After the completion of the FATF plenary the news was finally broken and ultimately after a lapse of days it was confirmed by Foreign Office, that Pakistan will be placed on the ‘grey-list’ by FAFTA in June, 2018. Based on reports Pakistan will submit its new action plan in May. Will Pakistan be able to avert being designated, is yet to be seen. However, what it can certainly do is not wait for another crisis to culminate.

The hour of the need demands an honest introspection and setting of its course in order. The sad truth remains that relevant government institutions, private entities and media only started reporting on anticipated fears more than a week before the plenary. The government sprang into action with combination of legislative and executive measures to make progress at the eleventh hour. Despite the best of intention, it only managed in averting the worst for the time being.

The way forward demands an intensive drive at home by the Government. At present Pakistan has Anti-Money Laundering Act, 2010. The law was amended again in 2016. It outlines a number of executive and legal measures (along with criminal penalties) to stifle money laundering and combating financing of terrorism. Consequence of this act, the government is mandated to hold two bi-annual meetings of National Executive Committee (NEC) on Anti-Money Laundering (AML). Regretfully, last, and 9th NEC on AML was held on August, 2016. Surprisingly enough, then Finance Minister, Ishaq Dar, convened the meeting to review country’s progress for Mutual Evaluation in 2018. The little follow up after that suggests lack of seriousness on government’s part.

However, the ongoing challenge should bring out the best from relevant domestic stakeholders. The Government needs to commit an integrated approach to prevent the anticipated crisis, despite country preparing for an election year. The government has a serious obligation before itself. Pakistan needs to build a stronger case. To this end, the government should articulate policy plan of issuing annual national progress report on AML/CFT measures, the latter is articulated under Section 6 subsection (4) clause (g) of AML Act, 2010. Besides introducing Anti-Terrorism Ordinance, 2018, the government could introduce specific legal measures to toughen the existing AML Act, 2010 to curb abuse of financial systems. So far under AML Act 2010, only one section deals with terror financing, i.e. Section 7, clause (d). Laws on countering terror financing can be widened by including array of modus operandi employed for terror-financing. Moreover, laws to regulate block chain and cryptocurrencies need to be introduced to counter money laundering and terror financing efforts by malicious actors.

Similarly, the government needs to direct Financial Monitoring Unit of State Bank to upscale its actions in scuttling suspicious financial activity, including action against all such account holders. Moreover, given provision of international cooperation under AML Act, 2010, the FMU along with intensifying such cooperation needs to maintain a transparent, updated public report of its progress. Following on, the governments needs to prepare a comprehensive plan for incrementally building cooperation and capacity of its regulators, judges and investigators under FATF training programs. This will significantly aide in accomplishing an improved criminal justice system to tackle money laundering and financing of terrorism and work to accomplish most action points to be revised under next Mutual Evaluation by FATF.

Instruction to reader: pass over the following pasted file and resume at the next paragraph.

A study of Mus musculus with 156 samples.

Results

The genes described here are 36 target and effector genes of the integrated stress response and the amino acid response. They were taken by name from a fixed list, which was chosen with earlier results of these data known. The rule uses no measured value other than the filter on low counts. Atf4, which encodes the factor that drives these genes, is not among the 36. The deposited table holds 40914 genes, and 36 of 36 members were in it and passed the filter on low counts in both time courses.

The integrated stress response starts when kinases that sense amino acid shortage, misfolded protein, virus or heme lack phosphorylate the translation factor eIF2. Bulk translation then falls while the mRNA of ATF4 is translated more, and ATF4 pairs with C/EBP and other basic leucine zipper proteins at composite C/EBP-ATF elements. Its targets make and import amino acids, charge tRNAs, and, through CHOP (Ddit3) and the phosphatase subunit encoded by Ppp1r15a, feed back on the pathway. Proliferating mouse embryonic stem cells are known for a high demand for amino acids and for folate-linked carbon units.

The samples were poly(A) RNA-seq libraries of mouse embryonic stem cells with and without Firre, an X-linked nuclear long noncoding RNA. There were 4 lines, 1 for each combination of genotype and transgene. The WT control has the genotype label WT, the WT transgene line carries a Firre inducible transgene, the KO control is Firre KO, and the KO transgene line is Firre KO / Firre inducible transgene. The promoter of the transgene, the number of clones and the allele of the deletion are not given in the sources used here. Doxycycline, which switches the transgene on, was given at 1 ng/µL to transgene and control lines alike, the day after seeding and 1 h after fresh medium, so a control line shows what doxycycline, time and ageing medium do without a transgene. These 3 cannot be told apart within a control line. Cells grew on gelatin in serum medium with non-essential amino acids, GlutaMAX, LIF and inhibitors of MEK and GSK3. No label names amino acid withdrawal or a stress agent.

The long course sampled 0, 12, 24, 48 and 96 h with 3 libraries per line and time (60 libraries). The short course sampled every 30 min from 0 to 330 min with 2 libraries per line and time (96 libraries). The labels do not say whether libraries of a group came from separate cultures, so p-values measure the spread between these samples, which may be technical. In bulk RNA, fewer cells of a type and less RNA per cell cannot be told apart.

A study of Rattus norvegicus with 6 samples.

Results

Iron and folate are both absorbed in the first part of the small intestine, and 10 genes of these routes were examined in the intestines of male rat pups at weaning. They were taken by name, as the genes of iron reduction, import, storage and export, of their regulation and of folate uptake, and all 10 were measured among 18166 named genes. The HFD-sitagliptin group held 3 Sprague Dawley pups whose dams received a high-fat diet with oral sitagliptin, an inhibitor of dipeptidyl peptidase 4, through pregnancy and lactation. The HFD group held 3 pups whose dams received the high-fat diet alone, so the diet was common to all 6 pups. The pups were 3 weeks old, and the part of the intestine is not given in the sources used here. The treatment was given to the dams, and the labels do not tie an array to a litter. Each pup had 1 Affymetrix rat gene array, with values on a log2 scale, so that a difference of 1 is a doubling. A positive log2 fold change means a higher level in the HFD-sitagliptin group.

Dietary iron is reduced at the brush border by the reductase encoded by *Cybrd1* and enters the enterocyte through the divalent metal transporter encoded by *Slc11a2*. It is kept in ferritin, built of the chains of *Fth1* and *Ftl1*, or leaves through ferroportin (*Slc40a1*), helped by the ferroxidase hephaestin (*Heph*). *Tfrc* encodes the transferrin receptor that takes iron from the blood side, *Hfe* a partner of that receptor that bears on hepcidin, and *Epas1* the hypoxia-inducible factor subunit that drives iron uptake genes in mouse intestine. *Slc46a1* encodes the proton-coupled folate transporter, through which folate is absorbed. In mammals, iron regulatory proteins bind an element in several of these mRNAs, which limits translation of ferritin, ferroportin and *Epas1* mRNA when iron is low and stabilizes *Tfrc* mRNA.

Pakistan’s financial regulators and Ministry of Foreign Affairs should jointly facilitate collaboration with countries having strong credentials to replicate and contextualise best practices in Pakistan’s financial regulation. Similarly, regulation mechanisms with drastic outcomes can be adopted with incremental approach. However, they will need a clear timeline in place for their implementation.

Moreover, rather than adopting a crisis-management response, Pakistan needs a strategic approach. Regulation measures need to be outlined on basis of immediate, short and long-term goals and action plans. Their introduction will certainly need a serious attitude from Ministry of Finance to follow-up with progress. As this will help in not losing sight of the crucial goals, which is clear from foregoing example of Government not holding requisite number of NEC meetings on AML since 2016. On a positive note, Government’s decision to adopt innovative solutions under FinTech by mid – 2018 will help bring convenience and regulate financial transactions.

There are several reasons for Pakistan to make systemic changes. The first being Pakistan was extended with an additional GSP Plus status for two years. For business community to benefit and additional Foreign Direct Investment to flow in, the government will need to address these discrepancies. Moreover, the ongoing regional environment doesn’t permit Pakistan to move any step closer to being isolated.

Lastly, it was our failure at diplomacy to engage and retain not just our traditional partners, but also United States from moving the resolution. It also demonstrated lack of proactive intervention. And the foregoing plenary, validated the argument that by engaging China, United States is likely to influence Pakistan. Other than bringing the changes at home, Pakistan needs aggressive diplomatic over drive. It needs intensive diplomacy to consistently engage most importantly United States, China, the big three European countries (Germany, France and the U.K.), the Asia Pacific Group member countries and the GCC bloc about its policy and action plan on AML/CFT. Despite being a tough call, it is not an impossible feat. Only Pakistan’s actions can help it create the most credible narrative and preserve its national interest.